By Ramatoulie Jawo
The Banjul City Council, led by Mayor Rohey Malick Lowe, inaugurated the Banjul Safe City Project on February 5th, 2024, aiming to transform the city into a clean, crime-free, and child- and women-friendly environment. This initiative not only seeks to boost the city’s economy but also aspires to serve as a national model for collaborative development.
The Safe City Model encompasses various crucial elements, including environmental safety, protection against gender-based violence, crime reduction, the creation of child-friendly safe spaces, and the promotion of employment and employability development.
Key stakeholders involved in the project include the Ministry of Works Construction and Infrastructure, the Ministry of Environment Climate Change and Natural Resources, the Ministry of Tourism, UNFPA, and the Gambia Police Force.
During the launch, Mayor Rohey Malick Lowe reminisced about Banjul’s historical significance and expressed the need to return to the city’s potential as a trade and industry hub.
“I believe it is important for us to reflect on the city we were born or raised in as Banjulians we were born into a city that the British Empire deemed to be the perfect hub for trade and industry for the entire sub-region Banjul from inception was seen to be so perfectly geographically located that it was designed to be a giant trade center for commerce to serve all its neighbors,” she reflected.
She admitted that the city of Banjul has not yet reached its full potential.
“There has been, for decades, a gradual yet accumulative increase in crime and drug abuse. We have continued to receive countless reports of women being physically and sexually abused. We continue to receive reports of rape and molestation. Our vulnerable continue to feel the pressures of the greater society with no regard for their safety.
“Our children have been deprived of their childhood and have to speed up their being adults due to the lack of the right environment for their physiological growth and stability. They have no safe spaces to enjoy being children outside the school environment,” she highlighted.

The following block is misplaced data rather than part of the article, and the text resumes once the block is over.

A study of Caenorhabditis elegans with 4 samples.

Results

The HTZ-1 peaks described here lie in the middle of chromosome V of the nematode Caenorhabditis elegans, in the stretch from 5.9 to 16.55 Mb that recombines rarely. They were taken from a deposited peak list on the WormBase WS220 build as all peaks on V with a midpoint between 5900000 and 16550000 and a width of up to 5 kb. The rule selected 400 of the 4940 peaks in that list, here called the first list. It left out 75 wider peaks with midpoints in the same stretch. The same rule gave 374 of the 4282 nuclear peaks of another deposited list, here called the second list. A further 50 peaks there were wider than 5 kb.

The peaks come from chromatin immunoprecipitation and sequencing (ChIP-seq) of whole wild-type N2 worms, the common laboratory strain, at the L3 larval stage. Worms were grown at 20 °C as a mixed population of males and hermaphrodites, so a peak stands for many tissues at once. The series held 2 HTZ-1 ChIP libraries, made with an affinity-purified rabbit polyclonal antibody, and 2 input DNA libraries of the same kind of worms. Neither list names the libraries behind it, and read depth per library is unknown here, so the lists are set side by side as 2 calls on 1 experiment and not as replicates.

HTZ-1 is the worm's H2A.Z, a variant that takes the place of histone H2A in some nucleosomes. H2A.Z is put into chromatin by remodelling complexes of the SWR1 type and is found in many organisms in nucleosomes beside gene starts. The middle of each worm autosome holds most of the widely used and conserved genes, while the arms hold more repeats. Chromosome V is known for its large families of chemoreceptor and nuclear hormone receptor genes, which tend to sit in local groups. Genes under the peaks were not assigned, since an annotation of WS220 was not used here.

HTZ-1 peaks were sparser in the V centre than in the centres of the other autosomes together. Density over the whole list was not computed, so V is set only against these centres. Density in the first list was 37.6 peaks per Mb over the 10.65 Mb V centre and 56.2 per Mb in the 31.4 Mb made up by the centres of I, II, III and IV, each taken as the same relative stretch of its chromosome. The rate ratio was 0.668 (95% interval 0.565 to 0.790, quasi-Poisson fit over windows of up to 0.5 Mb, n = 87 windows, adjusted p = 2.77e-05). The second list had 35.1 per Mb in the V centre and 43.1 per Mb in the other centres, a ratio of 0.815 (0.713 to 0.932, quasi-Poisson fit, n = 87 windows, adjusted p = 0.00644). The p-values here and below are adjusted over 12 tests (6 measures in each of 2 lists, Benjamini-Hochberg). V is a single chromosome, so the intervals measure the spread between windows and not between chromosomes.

She urged the people to believe in the great potential of Banjul and what they can accomplish together as a community of leaders in the public and private sectors, with their diverse backgrounds.
She envisioned Banjul to be a city that has the lowest crime rate in the sub-region, the most child-friendly city in the sub-region, and a city that respects the rights of women at home and at work.
Latir Carr, the project consultant, presented an overview of the project. He said the project has four objectives: reducing crime, eliminating gender-based violence, improving environmental and personal safety, and reducing poverty.
He also outlined the goals of the project, which include implementing an environmental management program to make the city litter-free by 2029, installing city lighting and community and digital monitoring and reporting systems to reduce crime by 60% by 2029, and implementing an environment protection plan to safeguard the city’s coastline, its mangrove habitats, and its diverse marine wildlife.
Ndey Rose Sarr, the UNFPA country representative, emphasized the importance of the Safe City project. She called on all the stakeholders to support the project, as it requires collective cooperation and they all have a crucial role to play.
“ The UNFPA and my humble self reiterated our commitment to supporting the Banjul Safe City project, and we really commend the mayor of Banjul for coming up with this great initiative,” she said.
Other speakers, including the Minister of Tourism, Arts, and Culture Hamat NK Bah, Minister of Public Service Babucarr Boye, and Minister of Environment Rohey John Manjang, pledged their support for the successful implementation of the project.